BY JAMIE FOSTER
Jeremy Corbyn has spelled out Labour’s position on the EU stating that he wishes to have a customs union with the EU that will leave the UK a say in trade deals struck with other nations.
At first blush this would appear a fantastical position. Having left the EU it is impossible that Britain could have either a vote or a veto over trade deals. What Mr Corbyn means by a ‘say’ is highly unclear. What is clear is that this arrangement would prevent Britain from negotiating our own trade deals with other countries. Boris Johnson says this would leave Britain as a colony of Europe. We would be swept along with whatever trade decisions the EU made with no real say over deals. Why then would Corbyn make such a dramatic U turn to arrive at such a position?
It would appear that this is pure politics. By stating this position Corbyn is reaching out to Remainer Tory rebels who he hopes would vote with Labour and ultimately bring down the government. Corbyn hopes to steal a march on Theresa May who will be announcing the government’s position on Friday. The government’s position is expected to be that we stay outside a customs union. This is in keeping with a recognition that the referendum vote was a vote to reject all of the EU, not just part of it.
It is a recognition that we, the British People, majority-voted to ensure that we took back control of negotiating trade deals and brought them under the democratic process. To remain in any sort of customs union with the EU is to accept the anti democratic force having a real effect on our ability to make trade deals. It is everything that the majority of the British people voted against in the referendum.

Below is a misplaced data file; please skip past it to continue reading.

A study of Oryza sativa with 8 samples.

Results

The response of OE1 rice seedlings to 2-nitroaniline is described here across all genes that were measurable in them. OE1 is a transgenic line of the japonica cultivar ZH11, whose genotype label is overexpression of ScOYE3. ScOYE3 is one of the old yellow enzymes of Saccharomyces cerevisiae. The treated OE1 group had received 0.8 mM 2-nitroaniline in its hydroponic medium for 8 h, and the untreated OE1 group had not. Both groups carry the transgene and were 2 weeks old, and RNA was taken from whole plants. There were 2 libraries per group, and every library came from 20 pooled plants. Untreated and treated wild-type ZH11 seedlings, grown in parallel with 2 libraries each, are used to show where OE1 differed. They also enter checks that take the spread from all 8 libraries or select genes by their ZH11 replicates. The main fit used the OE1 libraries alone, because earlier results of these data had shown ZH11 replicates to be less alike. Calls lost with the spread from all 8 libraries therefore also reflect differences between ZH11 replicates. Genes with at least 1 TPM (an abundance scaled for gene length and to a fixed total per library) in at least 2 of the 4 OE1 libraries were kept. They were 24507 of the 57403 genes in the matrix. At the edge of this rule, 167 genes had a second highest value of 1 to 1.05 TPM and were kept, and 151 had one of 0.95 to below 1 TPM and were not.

Corbyn is seeking to ally himself with the anti democratic Remainer elite in his new stance. In doing so he is turning his back on the working class heartland that voted so overwhelmingly for Brexit. As Labour MP Frank Field says, it is a betrayal of the Brexit vote. It is something that Corbyn should be punished by traditional Labour voters in strong Brexit seats for.
If UKIP wasn’t in such a mess they could be making inroads into Labour seats on the back of this. Corbyn’s position is the worst of all possible worlds, leaving the EU in charge of important decision-making while Britain trails along behind, caught up in the EU’s wash. It is the opposite of what the Brexit vote was all about. The point of a customs union is protectionism. It will prevent poorer countries selling their agricultural products into Britain in the way that it always has done. Surely part of the Brexit vote was a desire to open up trade with the rest of the world rather than carrying on with EU protectionism.
The problem for Mrs May is that her mishandling of the last general election has left her government in a weak position, vulnerable to the machinations of a handful of Tory Remainers. Once again her leadership is called into question.
Times like these call for a strong leader who is able to marshal the party and it would appear Mrs May is not that leader. Maybe the time has come for the party to swallow the bitter pill and replace her with someone who has a clearer vision to lead them. Her speech on Friday will be a moment for her to stamp her authority. Time will tell if she is in a position to do so.
With Corbyn positioning Labour as the party of Remainers it is important that the Tories keep the line. It is essential that Britain keeps outside of a customs union. We need to be able to make our own trade deals with as many countries as we can. If the EU is so open to making trade deals, then there should be no reason why they can’t make a deal with us that respects our sovereignty while opening up trade. This is the sort of deal Mrs May is trying to make and it is a far more credible position than staying inside a customs union. Let’s hope that she can achieve it so that Corbyn’s posturing can be seen for what it is.